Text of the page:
Data clean rooms are secure – that’s the whole point.
But they’re not always flexible or scalable, said Jason Manninghan, CEO of advanced TV data platform Blockgraph, which is jointly owned by Comcast, Charter and ViacomCBS.
TV advertisers in particular need a wide range of capabilities in order to tie media spend with viewing and campaign outcomes.
“Most clean rooms are platform specific – like what the walled gardens have created – but TV is a very fragmented ecosystem,” Manningham said. “Rather than one single walled garden, there are multiple MSOs [multisystem operators], OEMs [original equipment manufacturers] and, increasingly, programmers with their apps.”
To help both advertisers and ad sellers measure, attribute and optimize campaigns, Blockgraph is planning to release a clean room product of its own called DoubleBlock, thus named because it creates a double-encrypted identifier that can be used by both parties in the clean room to match their data and tie it back to household information without compromising it.
Blockgraph just finished testing DoubleBlock with two customers, one of which is Effectv, Comcast Cable’s ad sales division.
The technology is appealing because it facilitates the analysis of first-party ad exposure and campaign outcome data “while also providing all necessary clean room-like data protections to obfuscate proprietary and/or identifiable information,” said John Brauer, VP of insights and analytics at Effectv.
Effectv has been actively testing applications of the software throughout its development. This quarter, it plans to launch alongside an advertiser partner for cross-platform campaign attribution. The general launch of DoubleBlock is slated for later this month.
What differentiates Blockgraph’s clean room from other clean room offerings, Manningham said, is that it functions essentially on demand. Companies can securely combine first-party or third-party data quickly and without having to adopt a new database or data schema.
Two entities, a media company and a marketer in most cases, share their data into the clean room, and Blockgraph uses two layers of encryption to create a secure ID for analysis.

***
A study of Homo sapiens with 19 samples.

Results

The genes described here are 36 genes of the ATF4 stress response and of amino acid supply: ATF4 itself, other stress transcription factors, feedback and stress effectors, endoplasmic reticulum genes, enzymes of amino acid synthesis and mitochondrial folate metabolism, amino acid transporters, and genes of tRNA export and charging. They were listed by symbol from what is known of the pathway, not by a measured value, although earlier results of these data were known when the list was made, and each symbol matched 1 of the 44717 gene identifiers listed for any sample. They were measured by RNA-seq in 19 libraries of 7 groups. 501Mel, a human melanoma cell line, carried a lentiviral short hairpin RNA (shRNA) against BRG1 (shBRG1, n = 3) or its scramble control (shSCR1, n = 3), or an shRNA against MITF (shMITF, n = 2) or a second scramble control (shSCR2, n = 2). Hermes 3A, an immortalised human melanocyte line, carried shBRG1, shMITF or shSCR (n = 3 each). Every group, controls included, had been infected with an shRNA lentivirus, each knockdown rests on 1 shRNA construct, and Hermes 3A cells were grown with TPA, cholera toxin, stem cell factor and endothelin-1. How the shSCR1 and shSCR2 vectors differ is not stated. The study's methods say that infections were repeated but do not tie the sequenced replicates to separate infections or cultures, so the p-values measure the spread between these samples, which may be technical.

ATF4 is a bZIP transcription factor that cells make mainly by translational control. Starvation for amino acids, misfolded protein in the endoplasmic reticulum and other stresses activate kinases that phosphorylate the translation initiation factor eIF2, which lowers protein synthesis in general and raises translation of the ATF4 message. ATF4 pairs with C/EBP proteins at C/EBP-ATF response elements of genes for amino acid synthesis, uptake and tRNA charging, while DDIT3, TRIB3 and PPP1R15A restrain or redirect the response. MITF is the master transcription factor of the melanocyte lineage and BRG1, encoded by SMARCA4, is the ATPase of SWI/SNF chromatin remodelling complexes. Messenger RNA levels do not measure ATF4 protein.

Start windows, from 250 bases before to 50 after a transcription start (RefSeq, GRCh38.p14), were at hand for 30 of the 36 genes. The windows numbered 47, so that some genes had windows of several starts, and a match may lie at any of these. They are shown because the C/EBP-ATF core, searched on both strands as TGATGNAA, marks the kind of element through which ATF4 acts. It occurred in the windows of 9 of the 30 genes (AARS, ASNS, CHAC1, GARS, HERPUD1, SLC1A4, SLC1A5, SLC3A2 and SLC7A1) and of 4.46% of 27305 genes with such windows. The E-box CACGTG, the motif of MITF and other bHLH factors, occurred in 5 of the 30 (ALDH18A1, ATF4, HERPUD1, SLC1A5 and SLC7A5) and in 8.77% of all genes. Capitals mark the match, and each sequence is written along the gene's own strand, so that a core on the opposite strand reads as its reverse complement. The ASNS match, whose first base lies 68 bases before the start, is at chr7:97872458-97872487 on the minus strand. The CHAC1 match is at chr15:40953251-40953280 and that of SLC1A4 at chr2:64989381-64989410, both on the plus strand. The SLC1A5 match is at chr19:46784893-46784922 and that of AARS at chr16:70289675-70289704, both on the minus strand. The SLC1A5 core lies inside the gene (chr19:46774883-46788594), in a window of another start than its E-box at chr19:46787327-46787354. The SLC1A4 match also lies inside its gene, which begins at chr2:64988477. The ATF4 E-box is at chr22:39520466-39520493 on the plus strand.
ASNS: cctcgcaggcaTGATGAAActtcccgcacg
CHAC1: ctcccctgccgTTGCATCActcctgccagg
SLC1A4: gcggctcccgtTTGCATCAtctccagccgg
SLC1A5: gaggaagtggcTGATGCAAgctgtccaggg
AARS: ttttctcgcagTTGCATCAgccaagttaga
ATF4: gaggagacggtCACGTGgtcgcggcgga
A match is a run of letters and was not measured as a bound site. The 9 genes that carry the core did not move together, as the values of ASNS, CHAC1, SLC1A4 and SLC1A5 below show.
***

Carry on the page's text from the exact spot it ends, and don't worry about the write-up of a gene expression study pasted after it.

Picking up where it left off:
An MVPD, for example, can use the ID to measure the effectiveness of CTV tune-in advertising, where programmers promote their shows. Networks are gunning for streaming subscriptions and they want people to watch content via their apps.
But when someone streams a show, the data outcomes are owned by a different company (the programmer) than the one who sold the media impressions (the MVPD).
In that case, DoubleBlock would allow streaming app providers with viewing data tied to an identifier, such as an IP address, to match it with MVPD impression and exposure data deterministically. After matching, the streaming apps could see which ad-exposed households went on to download the app as well as what they watched, when they watched and for how long.
An advertiser could also combine sales data with CTV or linear impression data, stripped of any identifiable information, to attribute purchases at the household level.
According to Manningham, the match rate within DoubleBlock is between three and five times better than traditional identity resolution when making deterministic associations between IP address data and household data.
Once the measurement and attribution analysis is done, the results can be shipped to whatever proprietary or third-party tool the marketer or media company prefers, whether that be an SQL database, an attribution provider, Excel or even another clean room, like what Snowflake, LiveRamp or InfoSum offers.
“The goal here is to provide data owners with de-identified data so we can support interoperability in the TV industry,” Manningham said.
In that way, DoubleBlock is an extension of Blockgraph’s existing approach to measurement, which is to serve as a neutral identity layer for the TV ecosystem.
“Our strategy is not dissimilar to that of AWS,” Manningham said. “We’re providing services and data connectivity that can be used on demand, and the clean room is a continuation of that.”
For now, only two entities can match their data within DoubleBlock, but Manningham said multiparty analysis is on the road map.